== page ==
January 8, 2021

Missouri Federal Court Upholds Non-Compete and Trade Secret Agreement

By:  Jim Nowogrocki

Finding that a territory manager’s use and disclosure of a former employer’s trade secrets appeared inevitable, a federal judge in Missouri recently issued a temporary restraining order (TRO) prohibiting his current employment with an industry competitor.

In its preliminary ruling, the Court decided that the plaintiff, a national beverage distributor, was likely to succeed on the merits of its trade secret claim pursuant to the Missouri Uniform Trade Secrets Act (“MUTSA.”) 

First, the Court ruled that the former employee was privy to and worked extensively with trade secrets such as:  names of and specific contacts at customers and potential customers; contracts between the beverage distributor and its customers, and confidential business information such as pricing and contract bid strategy.  

Second, the Court noted that the former territory manager had assisted the competitor before leaving his former job, and thus demonstrated an unwillingness to honor the terms of his Fair Competition Agreement and preserve confidentiality.

Non-compete is enforceable

As noted in its ruling, Missouri courts will enforce a non-competition agreement in limited circumstances that are “demonstratively reasonable.”   A non-compete agreement is reasonable if it is no more restrictive than is necessary to protect the legitimate interests of the employer.  The agreement must be narrowly tailored in terms of time and geography, and must protect legitimate employer interests “beyond mere competition by a former employee.”   Under Missouri law, “a non-compete agreement is enforceable only to the extent that the restrictions protect the employer’s trade secrets or customer contacts.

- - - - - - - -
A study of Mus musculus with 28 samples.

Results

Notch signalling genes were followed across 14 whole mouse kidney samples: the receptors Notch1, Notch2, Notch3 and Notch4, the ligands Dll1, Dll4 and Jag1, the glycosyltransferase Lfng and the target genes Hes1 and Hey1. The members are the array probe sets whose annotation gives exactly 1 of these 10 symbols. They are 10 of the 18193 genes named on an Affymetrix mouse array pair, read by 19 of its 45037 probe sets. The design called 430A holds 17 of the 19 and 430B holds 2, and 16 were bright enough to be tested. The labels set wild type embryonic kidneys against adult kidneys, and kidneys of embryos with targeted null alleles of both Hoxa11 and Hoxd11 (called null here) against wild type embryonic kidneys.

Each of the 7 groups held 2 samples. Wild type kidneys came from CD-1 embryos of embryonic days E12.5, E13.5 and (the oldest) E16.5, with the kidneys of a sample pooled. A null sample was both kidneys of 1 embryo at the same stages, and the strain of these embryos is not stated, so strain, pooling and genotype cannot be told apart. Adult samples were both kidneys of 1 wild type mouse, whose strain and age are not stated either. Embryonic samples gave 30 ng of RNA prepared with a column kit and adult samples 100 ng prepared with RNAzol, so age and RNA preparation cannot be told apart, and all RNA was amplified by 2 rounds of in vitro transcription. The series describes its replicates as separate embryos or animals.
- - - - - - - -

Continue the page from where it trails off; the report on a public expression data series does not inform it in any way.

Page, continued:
Here, the federal judge found that the former employee had knowingly executed the Fair Competition Agreement.  In addition, the Court relied on evidence that the former employee had developed relationships with the beverage distributor’s customers and has the knowledge and influence to solicit them for his new employer, a direct competitor.  There was evidence that the former territory manager had violated and was actively violating the Fair Competition Agreement by which he had agreed to be bound, by helping the competitor submit competitive bids for before and after his employment with the distributor had ended.

Finally, the Court concluded that the Fair Competition Agreement was adequately restricted in both time and geographic reach. The noncompetition, nonsolicitation, and nondisclosures provisions were limited to two years from the execution of the Agreement, which is reasonable.  The geographic area of the noncompetition provision is limited to a 200-mile radius from any of territory manager’s work locations for his former employer.  According to the Court, this is reasonable as it serves to protect the beverage distributor against the former employee’s use of confidential information in the places it would damage the plaintiff the most. 

The public interest

The deciding to issue a TRO, the federal judge also ruled that Missouri courts have found that the enforcement of reasonable restrictive covenants serves the public interest because an  employer has a proprietary right in its stock of customers and their good will.

The attorneys at Summers Compton Wells LLC are well-versed in all aspects of drafting of and litigation involving non-compete and confidentiality agreements.